Road Trip Alert: WinterWonderGrass in Steamboat Springs
The Aspen Times
Until moving to the mountains, my understanding was that the only type of people who listened to bluegrass was the dad at Boy Scout camp picking a banjo and singing “The Beverly Hillbillies” theme song around the campfire. But now, thanks to Mumford and Sons (I think), everyone is obsessed with the genre. Some lumberjack messing around with a mandolin or, worse, a ukulele has become my generation’s version of the guy playing a guitar during the toga party in “Animal House.”
So to expand my cow-dotted horizons and get some use out of the Ikon benefits that came with this year’s Premier Pass, I’ll be traveling to Steamboat Springs for the WinterWonderGrass festival Feb. 21 to 23, and report my findings back to you personally.
Let’s be honest with ourselves. Doesn’t all bluegrass sound … basically the same? Give me a couple of weeks to figure out how to play instruments and sing and I can pretty much replicate it, know what I’m saying? I’m a man of education, so researching this year’s lineup on Spotify unveiled everything from country-western lite to “Deliverance” redneck. The live albums are the best, with lyrics about drinking coffee and feelin’ blue and whatnot, while some guy screams “yeeeeeEEEAAAHHH!” over and over in the front row.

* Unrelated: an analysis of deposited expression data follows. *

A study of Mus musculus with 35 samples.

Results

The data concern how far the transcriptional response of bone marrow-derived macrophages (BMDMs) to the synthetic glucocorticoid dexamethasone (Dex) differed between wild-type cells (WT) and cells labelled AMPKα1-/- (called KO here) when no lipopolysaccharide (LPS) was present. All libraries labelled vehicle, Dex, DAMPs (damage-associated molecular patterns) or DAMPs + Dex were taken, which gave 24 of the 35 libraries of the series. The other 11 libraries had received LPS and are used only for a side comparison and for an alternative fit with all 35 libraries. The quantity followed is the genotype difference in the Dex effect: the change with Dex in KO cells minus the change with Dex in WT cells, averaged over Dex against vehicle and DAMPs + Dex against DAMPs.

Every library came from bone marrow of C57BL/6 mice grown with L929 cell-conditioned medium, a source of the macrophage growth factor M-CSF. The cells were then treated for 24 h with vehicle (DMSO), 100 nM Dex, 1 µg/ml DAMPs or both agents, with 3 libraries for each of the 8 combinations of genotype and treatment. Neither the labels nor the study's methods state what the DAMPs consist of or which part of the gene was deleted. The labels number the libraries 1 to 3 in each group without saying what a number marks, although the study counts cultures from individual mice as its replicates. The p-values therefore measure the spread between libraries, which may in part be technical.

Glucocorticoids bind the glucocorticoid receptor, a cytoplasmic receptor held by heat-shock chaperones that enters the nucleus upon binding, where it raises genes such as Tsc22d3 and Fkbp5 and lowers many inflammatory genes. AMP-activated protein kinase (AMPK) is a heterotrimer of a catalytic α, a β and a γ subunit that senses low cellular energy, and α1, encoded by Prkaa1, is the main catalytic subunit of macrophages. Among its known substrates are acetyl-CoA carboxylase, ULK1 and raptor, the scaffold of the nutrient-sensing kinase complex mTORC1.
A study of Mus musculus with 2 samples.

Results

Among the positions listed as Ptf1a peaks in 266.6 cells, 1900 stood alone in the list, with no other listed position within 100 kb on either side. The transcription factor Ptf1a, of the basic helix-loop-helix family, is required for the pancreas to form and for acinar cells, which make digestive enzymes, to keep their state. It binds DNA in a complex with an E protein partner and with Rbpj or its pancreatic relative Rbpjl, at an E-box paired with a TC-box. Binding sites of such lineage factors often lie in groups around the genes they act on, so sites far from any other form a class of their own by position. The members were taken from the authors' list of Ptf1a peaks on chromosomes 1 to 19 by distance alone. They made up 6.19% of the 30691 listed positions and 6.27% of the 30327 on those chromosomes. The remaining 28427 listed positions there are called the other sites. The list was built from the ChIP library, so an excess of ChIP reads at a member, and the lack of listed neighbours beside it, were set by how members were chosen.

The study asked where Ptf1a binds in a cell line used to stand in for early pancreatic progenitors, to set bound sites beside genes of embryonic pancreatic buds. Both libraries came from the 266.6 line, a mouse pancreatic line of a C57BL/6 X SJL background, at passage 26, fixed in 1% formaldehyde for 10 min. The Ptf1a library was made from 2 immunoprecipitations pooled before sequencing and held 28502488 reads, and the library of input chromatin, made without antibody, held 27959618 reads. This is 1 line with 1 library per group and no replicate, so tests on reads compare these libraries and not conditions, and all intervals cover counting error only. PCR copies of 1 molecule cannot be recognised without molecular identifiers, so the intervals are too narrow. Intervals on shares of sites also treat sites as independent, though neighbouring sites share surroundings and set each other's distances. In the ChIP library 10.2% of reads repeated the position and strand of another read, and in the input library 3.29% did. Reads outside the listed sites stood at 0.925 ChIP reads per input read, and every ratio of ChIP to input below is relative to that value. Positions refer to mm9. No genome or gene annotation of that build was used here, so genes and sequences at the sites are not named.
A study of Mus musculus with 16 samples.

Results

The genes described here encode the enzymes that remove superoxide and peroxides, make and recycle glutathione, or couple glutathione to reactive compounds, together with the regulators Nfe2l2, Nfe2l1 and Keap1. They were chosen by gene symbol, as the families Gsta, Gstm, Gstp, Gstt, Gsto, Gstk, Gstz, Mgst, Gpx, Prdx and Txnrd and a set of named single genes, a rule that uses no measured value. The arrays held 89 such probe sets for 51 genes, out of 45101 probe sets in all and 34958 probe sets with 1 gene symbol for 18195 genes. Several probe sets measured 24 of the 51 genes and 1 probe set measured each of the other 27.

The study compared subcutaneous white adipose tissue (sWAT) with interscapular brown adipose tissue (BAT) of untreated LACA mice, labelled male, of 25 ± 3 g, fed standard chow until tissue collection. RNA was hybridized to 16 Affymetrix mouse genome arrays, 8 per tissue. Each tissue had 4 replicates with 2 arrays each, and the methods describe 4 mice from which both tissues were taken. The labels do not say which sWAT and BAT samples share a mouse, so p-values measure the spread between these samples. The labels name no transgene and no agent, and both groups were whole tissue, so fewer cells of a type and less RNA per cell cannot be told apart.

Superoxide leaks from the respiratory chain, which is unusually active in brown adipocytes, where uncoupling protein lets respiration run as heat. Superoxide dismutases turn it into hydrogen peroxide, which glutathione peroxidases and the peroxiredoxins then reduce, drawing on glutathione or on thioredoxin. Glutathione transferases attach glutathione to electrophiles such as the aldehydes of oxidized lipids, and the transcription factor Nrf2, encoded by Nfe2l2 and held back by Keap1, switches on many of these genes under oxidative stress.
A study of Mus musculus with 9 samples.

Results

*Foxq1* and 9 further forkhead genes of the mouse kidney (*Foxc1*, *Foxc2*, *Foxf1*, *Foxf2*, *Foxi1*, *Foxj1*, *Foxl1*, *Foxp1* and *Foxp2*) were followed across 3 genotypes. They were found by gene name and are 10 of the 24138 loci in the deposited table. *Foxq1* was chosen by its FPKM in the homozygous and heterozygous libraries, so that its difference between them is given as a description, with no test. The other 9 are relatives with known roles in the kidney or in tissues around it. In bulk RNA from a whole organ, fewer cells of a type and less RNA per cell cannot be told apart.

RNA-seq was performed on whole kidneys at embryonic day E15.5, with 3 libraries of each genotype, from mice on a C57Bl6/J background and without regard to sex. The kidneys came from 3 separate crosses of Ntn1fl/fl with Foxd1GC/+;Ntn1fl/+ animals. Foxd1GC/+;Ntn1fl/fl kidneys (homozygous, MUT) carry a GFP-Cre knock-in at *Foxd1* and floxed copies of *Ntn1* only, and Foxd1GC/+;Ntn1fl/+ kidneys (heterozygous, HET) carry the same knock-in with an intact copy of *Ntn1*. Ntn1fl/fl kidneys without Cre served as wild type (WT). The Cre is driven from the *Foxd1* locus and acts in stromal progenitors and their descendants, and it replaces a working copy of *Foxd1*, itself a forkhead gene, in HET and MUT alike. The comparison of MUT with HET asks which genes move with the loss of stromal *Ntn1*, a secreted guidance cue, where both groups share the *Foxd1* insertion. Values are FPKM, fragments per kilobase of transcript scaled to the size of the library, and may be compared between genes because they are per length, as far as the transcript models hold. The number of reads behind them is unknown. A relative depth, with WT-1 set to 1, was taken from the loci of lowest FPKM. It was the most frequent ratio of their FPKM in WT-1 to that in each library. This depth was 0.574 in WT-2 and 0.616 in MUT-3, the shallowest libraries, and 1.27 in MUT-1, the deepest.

So I’m going to learn and then, by proxy, teach. Here’s what I hope to discover:
Who are the people who have a Grateful Dead-esque obsession with bluegrass?
If you Shazam a concert, will it pull up the name of the song? I’m going to need some help.
How far away is Steamboat, anyway? Can I survive waking up at 6 a.m., and then driving there in a snowstorm?
Do the tingles from the hot springs come from the minerals bubbling in the water, or other people discreetly peeing?
Will I find another bag of drugs on the ground? Will I try to find its rightful owner?
Can I party all night and then make it to my 9 a.m. snowboard tour the next morning? Who do they think I am?
And is Mumford and Sons actually bluegrass?
So now you have something to look forward to: An introverted indie rock/dream pop enthusiast’s expedition into thousands of people dressed in flannel and woolen caps, new terminology like “strings” and a bunch of bands with names that reference fishing.
Plus, there are food trucks and beer tastings. Put a drink in my hand and I can happily watch paint dry — the voices in my head make good enough company.
“There is nothing better than the freedom to explore new landscapes, new communities and new friendships. There’s magic that happens when women, men and kids from around the world gather for the alchemy of music and mountains,” says a statement on the WinterWonderGrass website. For that quote I didn’t even have to call anybody (which is too scary).
The festival is sold out, but hit me up if you’re planning on heading over there and I’ll let you hold me aloft while I crowd surf. Otherwise, pick up The Aspen Times in two weeks for my full, albeit hazy, recollection as well as all-new jokes about washboards and chapped harmonica lips.